One of the trickier parts of life in a collection of compacted communities is jury duty. Jurors are almost bound to know something of the parties involved. We are not blank slates. When called, you do your best to be impartial. You suspend judgment and listen to both sides, which 95 percent of the time has all the entertainment of watching latex paint dry under conditions of high humidity. I’ve been called twice and give the opinion that sitting in a stuffy courtroom listening to attorneys hedge is near good as a narcotic—courtroom opiate. On one of my descents into the land-o’-courthouse-nod, I went along with the defense attorney’s explanation of events. I had the picture, or thought I did until the attorney called the defendant to speak for himself. That changed everything. I listened amazed as the defendant wove an increasingly convoluted concoction of impossibility delivered in an over-rehearsed, theatrical style. I sat mouth agape as the speaker glowed with the belief that his fabrication was so well done it would carry the day. It didn’t. Back in the room where we met to deliberate, there wasn’t a lot of discussion. Our collective shake of heads said we’d witnessed the same thing. The defendant had cut his own argumentative throat. We talked a bit so as not to appear over hasty before calling the first vote. Twelve hands rose on “guilty.” Leaving the courthouse that day was like falling out of Lewis Carroll’s Looking Glass into an orb of clear, lung-filling air.
I was reminded of this over the Fourth when by chance I sat next to one of the former jurors. The usual about weather, business, and the volume of tourists in town was shortened by a single phrase: “Haven’t seen you since.” There was no need to say since when. We sat silent. What now? My companion broke first. “That was the damndest thing.” “Sure was,” I agreed. “You know,” the speaker looked me in the eye, “I was on his side until he opened his mouth.” I nodded. “What made me mad,” my companion wished to be rid of a feeling held too long, “was he thought he’d fool us with that load of.” Come to think of it, the story told us that day in court was so artificial it was insulting. A basic problem with a “story” is it’s harder to remember than the truth and less convincing unless you’re committed to a particular camp.
For some reason (but not too hard to figure out), the above event reminds me of happenings in the Middle East. I mean the “spring” thing and the eruption of freedom and democracy flung about starting when George W. was in office. It’s been a while since we began promoting (assuming we were sincere) democratic freedom. The results look more like elections of crooks disguising themselves as government officials. A wolf puts on sheep’s clothing to get elected, and nothing changes—or things get worse in cases where revenge has popular appeal. It can look as if (in fact it can appear entirely as if) some cultural groups lack a way to exercise and enjoy freedoms as we do. I don’t like to say or think it, but in case after case over the past decades the freedom embraced in the Middle East seems very much to be the freedom to impose by one group over another. It is a “freedom” where majority rule is not moderated by mutual respect and becomes instead mob rule by popularly acclaimed despots.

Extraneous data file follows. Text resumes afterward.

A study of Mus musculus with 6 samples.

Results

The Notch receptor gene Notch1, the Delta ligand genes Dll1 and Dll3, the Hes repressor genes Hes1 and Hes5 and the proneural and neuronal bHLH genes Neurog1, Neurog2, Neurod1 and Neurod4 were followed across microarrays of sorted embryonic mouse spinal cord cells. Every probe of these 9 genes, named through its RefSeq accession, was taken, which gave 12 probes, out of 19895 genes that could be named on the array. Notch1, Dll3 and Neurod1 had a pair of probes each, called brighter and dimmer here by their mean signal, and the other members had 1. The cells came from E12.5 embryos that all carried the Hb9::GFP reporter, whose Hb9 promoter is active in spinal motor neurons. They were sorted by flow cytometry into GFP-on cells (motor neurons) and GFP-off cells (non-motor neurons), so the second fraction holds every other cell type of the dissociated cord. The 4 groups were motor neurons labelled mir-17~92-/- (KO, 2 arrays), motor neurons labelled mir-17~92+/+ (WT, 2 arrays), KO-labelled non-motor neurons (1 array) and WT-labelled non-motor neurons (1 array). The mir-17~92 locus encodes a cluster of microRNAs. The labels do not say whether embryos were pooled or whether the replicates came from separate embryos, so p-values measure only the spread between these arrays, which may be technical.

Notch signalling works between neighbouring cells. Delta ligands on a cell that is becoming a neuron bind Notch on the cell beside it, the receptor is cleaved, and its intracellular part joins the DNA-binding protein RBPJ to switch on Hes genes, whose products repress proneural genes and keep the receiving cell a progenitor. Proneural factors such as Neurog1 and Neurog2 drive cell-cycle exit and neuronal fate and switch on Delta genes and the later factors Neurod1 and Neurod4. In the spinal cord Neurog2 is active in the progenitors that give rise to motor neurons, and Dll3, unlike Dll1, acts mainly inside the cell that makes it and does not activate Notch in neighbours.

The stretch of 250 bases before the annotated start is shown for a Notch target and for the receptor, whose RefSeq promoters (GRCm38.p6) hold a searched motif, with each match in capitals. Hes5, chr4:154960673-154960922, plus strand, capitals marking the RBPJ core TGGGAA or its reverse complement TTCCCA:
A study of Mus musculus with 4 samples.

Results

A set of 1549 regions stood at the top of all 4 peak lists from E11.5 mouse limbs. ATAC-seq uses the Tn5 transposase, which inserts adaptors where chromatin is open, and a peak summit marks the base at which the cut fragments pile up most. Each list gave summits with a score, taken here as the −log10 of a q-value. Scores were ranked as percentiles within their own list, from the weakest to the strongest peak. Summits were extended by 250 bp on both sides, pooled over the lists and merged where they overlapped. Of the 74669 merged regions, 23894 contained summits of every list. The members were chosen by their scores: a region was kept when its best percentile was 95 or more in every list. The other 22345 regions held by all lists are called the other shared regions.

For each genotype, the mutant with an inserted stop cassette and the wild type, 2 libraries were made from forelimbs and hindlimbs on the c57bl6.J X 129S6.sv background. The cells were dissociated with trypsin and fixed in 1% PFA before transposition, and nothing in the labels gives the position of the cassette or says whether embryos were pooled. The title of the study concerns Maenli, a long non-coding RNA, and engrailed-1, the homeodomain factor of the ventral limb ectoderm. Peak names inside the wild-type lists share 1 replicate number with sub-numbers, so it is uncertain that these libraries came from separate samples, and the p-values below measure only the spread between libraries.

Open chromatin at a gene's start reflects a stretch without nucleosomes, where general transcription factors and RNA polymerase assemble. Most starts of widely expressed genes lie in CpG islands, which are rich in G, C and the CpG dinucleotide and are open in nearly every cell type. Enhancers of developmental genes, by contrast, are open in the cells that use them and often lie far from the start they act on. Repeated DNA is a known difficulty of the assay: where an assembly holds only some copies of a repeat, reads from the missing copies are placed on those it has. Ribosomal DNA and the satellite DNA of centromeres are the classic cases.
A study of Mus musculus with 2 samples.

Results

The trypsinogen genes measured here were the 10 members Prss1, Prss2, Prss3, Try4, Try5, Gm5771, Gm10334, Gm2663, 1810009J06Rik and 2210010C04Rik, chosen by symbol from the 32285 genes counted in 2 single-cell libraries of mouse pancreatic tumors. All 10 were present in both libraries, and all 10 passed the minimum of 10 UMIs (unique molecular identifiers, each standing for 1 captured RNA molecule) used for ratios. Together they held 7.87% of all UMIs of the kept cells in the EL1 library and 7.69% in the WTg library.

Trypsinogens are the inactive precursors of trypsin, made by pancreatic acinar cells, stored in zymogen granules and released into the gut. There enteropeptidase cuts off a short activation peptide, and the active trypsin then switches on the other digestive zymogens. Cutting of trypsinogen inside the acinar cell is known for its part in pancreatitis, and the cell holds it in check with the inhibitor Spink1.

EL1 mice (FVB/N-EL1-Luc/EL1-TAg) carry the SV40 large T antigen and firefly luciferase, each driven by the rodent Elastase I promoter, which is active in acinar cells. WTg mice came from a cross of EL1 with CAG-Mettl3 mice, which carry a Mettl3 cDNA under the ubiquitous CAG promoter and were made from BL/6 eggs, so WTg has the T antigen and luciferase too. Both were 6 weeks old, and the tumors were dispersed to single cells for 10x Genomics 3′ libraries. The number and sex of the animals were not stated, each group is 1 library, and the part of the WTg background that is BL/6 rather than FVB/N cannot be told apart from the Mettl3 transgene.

Having begun with a tale of defense by the defense, I was recently treated to another example of this fine art. The “spring” in Egypt seems to mean elected tyrants replacing the self-appointed ones, as the Iranians swapped an absolute shah for an absolute Ayatollah: authoritarianism under new management. The new wave in Egypt is eager to reform the legal system to be more sharia compliant. The Egyptian populace has seemingly voted to approve such changes as part of freedom and democracy. I’ve heard it said that sharia is entirely consistent with our Western legal traditions and contains strict observance of women’s and human rights. If so, who could complain of such beneficial things?
Now we get to the part where the defense speaks for itself. Freedom in Egypt has led to an increase in sexual assaults on women, and under the new democracy this is a religious matter to be argued by clerics. We might say, “So what if it’s a boring preacher instead of a boring attorney doing the jabbering?” But said another way, this means religious dogma takes precedence over common law, and that does make a serious difference in how things work. I read with fascination as a cleric explained that a woman not properly covered invited sexual attack and was responsible for it when it occurred. He (a woman cannot be a cleric under those laws) explained that if you put out uncovered meat and cats ate it, the cats cannot be blamed. So as the defense put it, women are meat. Covered, they are off limits. Uncovered, they are fair game. A male who takes advantage of uncovered meat has a moral excuse bolstered in part by his acknowledged superiority over the meat sex. Higher rank lessens his responsibility, whereas the lower standing of a woman’s nature puts her on the spot accountable for the acts of others. In this context, women’s rights have a different twist.
It takes a bit, but working through the explanation and the “meat” analogy you find the underpinning basis defining rights, freedom, etc. vastly different from one system to the other. Is it justice when the bias of religion is allowed legal exercise? The religious defense has spoken. To accept its view of “uncovered meat,” we need to tear down Lady Justice—replace her with a man, eyes uncovered (he’s immune from uncovering making him meat) pointing at scripture. To rephrase my juror friend, the defense damned itself; and a fine job it did.